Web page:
The clock tower Old Courthouse Crown Point is now fixed telling accurate time for residents around square. | Scott R.

The clock tower at the Old Courthouse in Crown Point is now fixed and telling the accurate time for residents around the square. | Scott R. Brandush~Sun-Times Media




CROWN POINT — Grants to preserve local history across the state of Indiana skipped Lake County Indiana all together.

The annual grants to strengthen Indiana’s heritage have been awarded to nine historic preservation and archaeology projects in eight Indiana communities, none of which are in Lake County.

The old Lake County Courthouse could have desperately used those funds to help storm damage repairs as well as general maintainace. The beautiful clock was hit and the roof was damaged. It is true that the old courthouse has a number of benefactors, but it is also true that it needs a lot more help to keep fit.

The building’s 135th “birthday” is being celebrated on Sept. 22. The city and the foundation are throwing a party.

Crown Point native and former NASA astronaut Jerry Ross will be there to sign copies of his book or the cover of his CD for those that purchase them there. All the proceeds from the sales of his book and CD will be donated to the Court House Preservation Foundation.

He will be inside the building in the rotunda. There will also be a silent auction. The history museum in the building will be open.

Cake and ice cream will be served on the lawn, along with a bounce house and other features for young and old. The lower level shops will be open on Sunday for the event.

The committee members putting the party together include: Curt Graves, Jim and Irene Gentleman, Dr. Colemeyer, Iole Vellutini, Marty Wheeler and Mayor Dave Uran and his office of special events.

The federal grant funds come from the National Park Service, a part of the U.S. Department of the Interior, which distributes funds to the states through the Historic Preservation Fund Program. Since 1974, the state has awarded more than $18 million to Indiana communities through this program.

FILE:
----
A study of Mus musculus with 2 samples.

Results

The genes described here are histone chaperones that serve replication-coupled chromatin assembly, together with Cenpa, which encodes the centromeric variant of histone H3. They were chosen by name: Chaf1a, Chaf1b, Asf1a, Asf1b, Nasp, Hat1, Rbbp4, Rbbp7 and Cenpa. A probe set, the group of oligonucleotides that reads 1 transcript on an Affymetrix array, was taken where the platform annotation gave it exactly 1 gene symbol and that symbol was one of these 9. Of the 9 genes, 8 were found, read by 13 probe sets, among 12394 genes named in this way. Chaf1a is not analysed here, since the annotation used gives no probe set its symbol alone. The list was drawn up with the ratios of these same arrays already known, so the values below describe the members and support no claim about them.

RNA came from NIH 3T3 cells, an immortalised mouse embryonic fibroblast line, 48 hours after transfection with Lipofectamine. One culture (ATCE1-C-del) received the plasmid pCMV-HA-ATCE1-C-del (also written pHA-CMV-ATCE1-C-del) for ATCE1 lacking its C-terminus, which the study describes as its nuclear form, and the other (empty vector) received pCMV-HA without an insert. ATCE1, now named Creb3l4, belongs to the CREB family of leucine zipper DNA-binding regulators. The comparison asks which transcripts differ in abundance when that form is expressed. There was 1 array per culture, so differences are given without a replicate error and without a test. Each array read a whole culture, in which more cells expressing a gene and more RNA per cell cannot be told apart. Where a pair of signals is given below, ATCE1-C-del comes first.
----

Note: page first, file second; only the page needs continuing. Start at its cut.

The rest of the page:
Maybe next year the old courthouse will be included in the awards to preserve her more than 135-years of history of and service to Lake County. From a center to the addition of wings and then more wings this court house grew to serve the county as the county grew.

The trolley that ran down Main Street 100 years ago is gone. The streets are no longer paved with gravel, wood blocks, or bricks, but now have asphalt surfaces.

The streets around the court house are no longer city streets, but part of U.S. 231 and managed by the state. The lights both outside and inside the court house are electric and not gas.

There are no longer major national politicians from both parties giving speeches from her steps facing Main Street. There are no more hitching posts for horses, ridden or pulling carriages or wagons in front of the courthouse steps.

Then it wasn’t good enough for the politicians. They wanted to sell it and put in a parking garage for the shops around the square. Some of Crown Point’s movers and shakers stood up and said no.

The government buildings moved north on Main Street and these hard working saviors took on the job of forming a foundation to preserve the courthouse.

The clock tower is the tallest structure in Crown Point. People can see it from the Interstate.